All you need to know about the Frances Fitzgerald email scandal

The former Justice Minister is under pressure

Justin Kelly


Justin Kelly


All you need to know about the Frances Fitzgerald email scandal

All you need to know about the Frances Fitzgerald email scandal

The controversy surrounding former Justice Minister Frances Fitzgerald threatens to bring an end to the current Fine Gael minority government, jolting the country into an early General Election. 


The controversy centres upon Fitzgerald's handling of information relating to an alleged smear campaign against Garda whistleblower Sgt. Maurice McCabe during the O'Higgins Inquiry. 

The O'Higgins Inquiry was established to review the findings of the Guerin Report which was established in 2014 to look into the allegations made by Sgt. McCabe.

McCabe had raised concerns about the manner in which a number of investigations were handled in the Cavan-Monaghan Garda Division, casting an unflattering light upon senior management in the force.

Guerin recommended the forming of a comprehensive commission of investigation to look into the claims while also heavily criticising the previous Justice Minister Alan Shatter. Shatter resigned on foot of Guerin.

The O'Higgins Commission was established in February 2015 to look into such matters, as suggested by Guerin, whose report said such a commission was in the public interest to quell any question marks over the public confidence in An Garda Siochana and the wider justice system.

The O'Higgins Commission began sitting in February 2015, and it was during the hearings that followed that legal representation for the Garda commissioner intended to question the motives behind McCabe's action to come forward and blow the whistle on his Garda Division with a view to discrediting him.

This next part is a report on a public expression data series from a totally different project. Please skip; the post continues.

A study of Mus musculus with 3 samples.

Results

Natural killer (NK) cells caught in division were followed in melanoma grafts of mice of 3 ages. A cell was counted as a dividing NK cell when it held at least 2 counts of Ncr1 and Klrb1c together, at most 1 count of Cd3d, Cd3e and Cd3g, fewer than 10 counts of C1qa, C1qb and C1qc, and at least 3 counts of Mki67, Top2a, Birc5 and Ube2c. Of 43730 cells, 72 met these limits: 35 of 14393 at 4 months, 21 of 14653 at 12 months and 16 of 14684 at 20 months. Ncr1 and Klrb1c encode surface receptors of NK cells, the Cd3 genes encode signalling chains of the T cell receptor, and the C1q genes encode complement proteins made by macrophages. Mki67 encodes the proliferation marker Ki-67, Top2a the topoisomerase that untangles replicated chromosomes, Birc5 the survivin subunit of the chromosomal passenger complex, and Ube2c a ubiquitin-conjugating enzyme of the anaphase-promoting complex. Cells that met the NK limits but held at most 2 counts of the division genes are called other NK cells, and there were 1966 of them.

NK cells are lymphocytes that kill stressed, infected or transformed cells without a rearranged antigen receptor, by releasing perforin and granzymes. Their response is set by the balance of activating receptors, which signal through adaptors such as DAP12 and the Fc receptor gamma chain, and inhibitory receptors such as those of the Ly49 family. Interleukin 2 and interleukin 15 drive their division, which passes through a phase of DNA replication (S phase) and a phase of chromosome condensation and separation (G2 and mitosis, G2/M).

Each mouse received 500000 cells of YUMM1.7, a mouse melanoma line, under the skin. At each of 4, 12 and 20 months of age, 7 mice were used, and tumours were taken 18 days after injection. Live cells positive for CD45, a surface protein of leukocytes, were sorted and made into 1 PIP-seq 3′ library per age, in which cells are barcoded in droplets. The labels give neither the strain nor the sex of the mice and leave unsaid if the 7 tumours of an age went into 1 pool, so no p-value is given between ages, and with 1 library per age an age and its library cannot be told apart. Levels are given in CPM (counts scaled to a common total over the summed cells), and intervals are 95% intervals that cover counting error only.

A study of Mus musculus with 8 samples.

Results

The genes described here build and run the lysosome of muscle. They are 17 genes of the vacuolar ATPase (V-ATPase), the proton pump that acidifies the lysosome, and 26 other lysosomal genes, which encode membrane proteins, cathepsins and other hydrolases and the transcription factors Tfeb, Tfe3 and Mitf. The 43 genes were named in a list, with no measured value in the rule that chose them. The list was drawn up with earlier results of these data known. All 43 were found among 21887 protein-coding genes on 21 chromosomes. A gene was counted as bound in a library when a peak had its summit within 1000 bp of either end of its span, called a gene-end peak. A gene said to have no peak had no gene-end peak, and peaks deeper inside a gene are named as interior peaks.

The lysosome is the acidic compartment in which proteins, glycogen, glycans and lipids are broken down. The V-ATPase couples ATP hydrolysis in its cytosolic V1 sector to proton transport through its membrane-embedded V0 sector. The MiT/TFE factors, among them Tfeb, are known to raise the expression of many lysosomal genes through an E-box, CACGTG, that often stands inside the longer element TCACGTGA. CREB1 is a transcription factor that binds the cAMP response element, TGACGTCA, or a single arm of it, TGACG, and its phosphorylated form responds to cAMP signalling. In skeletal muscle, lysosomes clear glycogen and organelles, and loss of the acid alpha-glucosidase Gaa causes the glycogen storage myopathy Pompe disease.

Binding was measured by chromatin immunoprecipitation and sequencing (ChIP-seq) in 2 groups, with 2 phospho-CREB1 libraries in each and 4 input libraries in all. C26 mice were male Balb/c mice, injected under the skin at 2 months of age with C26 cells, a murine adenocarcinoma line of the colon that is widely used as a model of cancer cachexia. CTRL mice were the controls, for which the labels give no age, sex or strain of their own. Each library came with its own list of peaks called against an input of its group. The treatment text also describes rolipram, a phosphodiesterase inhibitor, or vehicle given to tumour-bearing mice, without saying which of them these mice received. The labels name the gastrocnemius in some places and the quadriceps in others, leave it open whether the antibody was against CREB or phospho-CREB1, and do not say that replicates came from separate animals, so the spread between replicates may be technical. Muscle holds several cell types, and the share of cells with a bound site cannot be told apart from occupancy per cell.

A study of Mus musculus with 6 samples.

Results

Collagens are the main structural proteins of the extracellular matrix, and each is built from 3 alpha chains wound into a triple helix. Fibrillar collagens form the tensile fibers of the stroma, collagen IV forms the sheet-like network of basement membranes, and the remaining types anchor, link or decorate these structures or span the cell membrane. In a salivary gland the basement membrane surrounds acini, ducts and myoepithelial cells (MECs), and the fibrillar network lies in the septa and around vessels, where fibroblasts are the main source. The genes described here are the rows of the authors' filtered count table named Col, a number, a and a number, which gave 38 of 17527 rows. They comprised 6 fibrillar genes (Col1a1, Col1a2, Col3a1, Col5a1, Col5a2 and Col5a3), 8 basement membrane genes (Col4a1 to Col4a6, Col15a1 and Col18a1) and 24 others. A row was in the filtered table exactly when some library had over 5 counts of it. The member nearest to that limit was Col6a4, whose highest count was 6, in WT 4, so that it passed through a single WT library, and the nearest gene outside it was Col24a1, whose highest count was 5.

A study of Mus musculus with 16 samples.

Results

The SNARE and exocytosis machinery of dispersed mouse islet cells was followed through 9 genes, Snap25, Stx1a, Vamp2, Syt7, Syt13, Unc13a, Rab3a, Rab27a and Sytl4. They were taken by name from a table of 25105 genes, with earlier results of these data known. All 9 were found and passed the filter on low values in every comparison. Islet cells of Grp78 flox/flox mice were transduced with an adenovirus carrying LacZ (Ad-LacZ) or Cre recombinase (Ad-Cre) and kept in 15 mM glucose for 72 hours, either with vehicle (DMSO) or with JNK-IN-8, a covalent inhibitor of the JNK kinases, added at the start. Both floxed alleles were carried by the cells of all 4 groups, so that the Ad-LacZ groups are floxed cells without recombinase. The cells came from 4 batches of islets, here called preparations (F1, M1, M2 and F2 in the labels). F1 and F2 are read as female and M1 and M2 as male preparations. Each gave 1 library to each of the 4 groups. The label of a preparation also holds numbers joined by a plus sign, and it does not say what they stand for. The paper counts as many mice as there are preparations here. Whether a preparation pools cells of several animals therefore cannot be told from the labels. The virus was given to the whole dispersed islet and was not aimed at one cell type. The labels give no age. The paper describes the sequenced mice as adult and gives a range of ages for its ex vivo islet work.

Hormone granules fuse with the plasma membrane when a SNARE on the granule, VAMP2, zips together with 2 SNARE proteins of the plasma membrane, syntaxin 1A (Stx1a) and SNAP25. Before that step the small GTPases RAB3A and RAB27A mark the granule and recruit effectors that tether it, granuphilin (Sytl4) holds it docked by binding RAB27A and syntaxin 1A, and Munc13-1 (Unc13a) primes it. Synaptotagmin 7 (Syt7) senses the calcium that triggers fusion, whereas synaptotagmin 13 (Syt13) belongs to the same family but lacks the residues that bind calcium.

Emails released in recent weeks suggest Frances Fitzgerald was aware of this planned 'aggressive legal strategy' by senior garda officials toward Sgt. McCabe in May 2015, despite suggesting on official record that she found out almost a year later in 2016 when the matter came to media attention. 

A second email revelation suggests the Garda Commissioner at the time, Noirin O'Sullivan, contacted the Department of Justice directly in July 2015 on foot of a request for information on such a legal strategy to the Garda Press Office from RTE.

It is suggested that a senior official in the Department flagged the contact with the Minister at the time, making that the second time she had become aware of such a legal strategy at O'Higgins. 

The O'Higgins Report was published in May 2016 and stated in its findings that McCabe had “performed a genuine public service at considerable personal cost” and “acted out of genuine and legitimate concerns." It also flagged serious flaws in policing in Cavan-Monaghan, put stopped short of suggesting any Garda corruption. 

How has it unravelled?

In the wake of these revelations, Fianna Fáil, the party who signed a confidence and supply agreement to prop up the Fine Gael government, lodged a motion of no confidence in the Tanaiste, Frances Fitzgerald. 

That motion is scheduled to be debated in the Dáil later this evening but talks are ongoing between Micheal Martin and Taoiseach Leo Varadkar to avert the impending collapse of the government. 

Fine Gael are standing by their Minister and want Fianna Fáil to hold off on their no confidence motion until January when Frances Fitzgerald can give evidence to the Disclosures Tribunal. 

What happens next?

It looks unlikely that Micheal Martin will march his troops back down the mountain on this issue, a move that would seemingly threaten his own stability as leader of Fianna Fáil. 

Further to that, it has emerged that Fine Gael's partners in government, the Independent Alliance believe the Minister's position is untenable but that it is up to her to resign. They will not demand her resignation in a meeting with Leo Varadkar. 

All signals point toward an imminent resignation by Frances Fitzgerald or a General Election before Christmas or early January. 

In light of all this, the opinion polls suggest that such an election would throw up largely similar results to current TD numbers, effectively giving us another stalemate and paving the way for protracted talks aimed at forming the next government. 

Fine Gael are expected to maintain their numbers, if not lose a couple of seats, while Fianna Fáil are expected to gain slightly at their expense along with Sinn Féin. Independents would return similar numbers.